Jun 11, 2022


Meditation: What is Your Deepest Longing?


Begin to Investigate by asking yourself, “What does my heart really long for?” It can also be helpful to ask, “What most matters in this life?” Or, “If I was at the end of my life looking back, what would be most important about how I lived today . . . this moment?” As you pose these questions, sense that you are addressing your inquiry directly to your heart.

After asking, simply listen and be aware of any words, images, or feelings that arise. Try to be patient. It can take some time for the mind to open out of its habitual ideas about life and connect with what is most alive and true. You may need to repeat, several times, some version of “What does my heart long for?” and then listen in receptive silence. As you listen, stay in touch with the feelings in your body, and particularly in your heart.

Your longing will probably express itself differently at different times. You might feel an aspiration to love fully or to feel loved, to know truth, to be peaceful, to be helpful, to be free from fear and suffering. There is no “right” longing. Sometimes you will land on an immediate intention that supports your longing. For example, you might become aware of the yearning to write poetry, to practice yoga, to help others, to engage in social activism. This would be in service of the deep longing to live a creative, compassionate, vital life. What is important is attuning to what is most true for you in this moment.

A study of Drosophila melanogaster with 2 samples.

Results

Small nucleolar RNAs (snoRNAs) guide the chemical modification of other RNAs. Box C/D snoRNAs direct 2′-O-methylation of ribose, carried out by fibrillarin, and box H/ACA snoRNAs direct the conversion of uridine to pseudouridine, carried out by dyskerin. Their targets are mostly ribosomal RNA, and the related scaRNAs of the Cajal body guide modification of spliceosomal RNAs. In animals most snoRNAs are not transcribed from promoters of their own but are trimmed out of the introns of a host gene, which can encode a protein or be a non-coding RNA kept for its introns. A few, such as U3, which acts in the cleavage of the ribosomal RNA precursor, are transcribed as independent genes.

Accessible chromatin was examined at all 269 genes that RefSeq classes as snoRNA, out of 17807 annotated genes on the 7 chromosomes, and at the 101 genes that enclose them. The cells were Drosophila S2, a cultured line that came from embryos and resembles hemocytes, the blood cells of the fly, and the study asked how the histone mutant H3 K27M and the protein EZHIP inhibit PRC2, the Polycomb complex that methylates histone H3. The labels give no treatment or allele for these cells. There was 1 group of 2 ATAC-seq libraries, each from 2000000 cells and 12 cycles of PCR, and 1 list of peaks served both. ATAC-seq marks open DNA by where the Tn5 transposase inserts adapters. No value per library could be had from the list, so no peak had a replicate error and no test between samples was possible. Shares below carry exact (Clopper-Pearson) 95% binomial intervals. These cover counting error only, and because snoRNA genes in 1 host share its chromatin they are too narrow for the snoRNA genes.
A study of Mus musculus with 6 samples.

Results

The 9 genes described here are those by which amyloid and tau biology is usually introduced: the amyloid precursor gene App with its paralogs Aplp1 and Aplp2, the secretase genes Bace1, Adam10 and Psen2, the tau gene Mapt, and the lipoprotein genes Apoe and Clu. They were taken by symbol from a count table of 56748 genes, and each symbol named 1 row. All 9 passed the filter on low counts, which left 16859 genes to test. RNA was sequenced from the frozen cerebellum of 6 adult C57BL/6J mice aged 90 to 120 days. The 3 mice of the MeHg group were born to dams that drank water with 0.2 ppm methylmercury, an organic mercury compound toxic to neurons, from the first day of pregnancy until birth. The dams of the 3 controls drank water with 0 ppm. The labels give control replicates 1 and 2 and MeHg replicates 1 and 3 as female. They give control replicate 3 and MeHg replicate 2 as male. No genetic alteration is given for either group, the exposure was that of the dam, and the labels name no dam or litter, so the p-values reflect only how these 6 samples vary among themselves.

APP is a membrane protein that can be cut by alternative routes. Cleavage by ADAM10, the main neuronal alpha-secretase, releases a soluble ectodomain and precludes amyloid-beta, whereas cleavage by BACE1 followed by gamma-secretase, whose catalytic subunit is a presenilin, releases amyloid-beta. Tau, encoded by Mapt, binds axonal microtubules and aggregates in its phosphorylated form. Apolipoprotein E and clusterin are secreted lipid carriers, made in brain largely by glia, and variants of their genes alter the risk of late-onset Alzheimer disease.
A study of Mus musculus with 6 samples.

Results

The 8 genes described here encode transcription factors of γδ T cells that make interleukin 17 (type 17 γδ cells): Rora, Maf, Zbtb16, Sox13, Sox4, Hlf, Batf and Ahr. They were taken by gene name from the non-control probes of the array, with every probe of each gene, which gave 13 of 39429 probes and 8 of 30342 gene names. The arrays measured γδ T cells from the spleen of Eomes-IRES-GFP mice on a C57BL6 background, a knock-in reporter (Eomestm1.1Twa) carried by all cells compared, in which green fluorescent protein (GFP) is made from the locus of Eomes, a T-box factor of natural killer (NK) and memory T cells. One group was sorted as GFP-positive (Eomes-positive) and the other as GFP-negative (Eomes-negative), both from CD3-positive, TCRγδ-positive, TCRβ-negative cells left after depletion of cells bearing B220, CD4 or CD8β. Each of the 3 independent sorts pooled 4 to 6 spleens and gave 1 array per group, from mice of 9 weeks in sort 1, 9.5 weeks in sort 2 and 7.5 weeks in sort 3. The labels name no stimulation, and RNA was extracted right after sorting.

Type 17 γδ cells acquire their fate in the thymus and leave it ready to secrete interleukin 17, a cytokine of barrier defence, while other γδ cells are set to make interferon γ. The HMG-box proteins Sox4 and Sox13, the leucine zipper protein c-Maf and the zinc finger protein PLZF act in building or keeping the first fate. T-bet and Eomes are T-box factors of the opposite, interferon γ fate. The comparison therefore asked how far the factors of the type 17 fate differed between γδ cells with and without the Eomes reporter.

The sign of arriving at a deep longing is a felt sense of sincerity, innocence, energy, or flow. Some people describe an inner shift that gives them fresh resolution, openness, and ease. If there is no real sense of connecting with what matters, that’s fine. You might sit quietly and open to whatever comes up or choose to continue this exploration at another time.

If you sense you’ve arrived at what feels like a pure and deep longing, allow yourself to let go into its fullness. Feel the very essence of this yearning in your cells as it expresses itself through your whole body and being. Sense the longing as the calling of your awakening heart.

Excerpted from: Radical Compassion: Learning to Love Yourself and Your World with the Practice of RAIN.

Brach, Tara. Radical Compassion (p. 132-133). Penguin Publishing Group. Kindle Edition.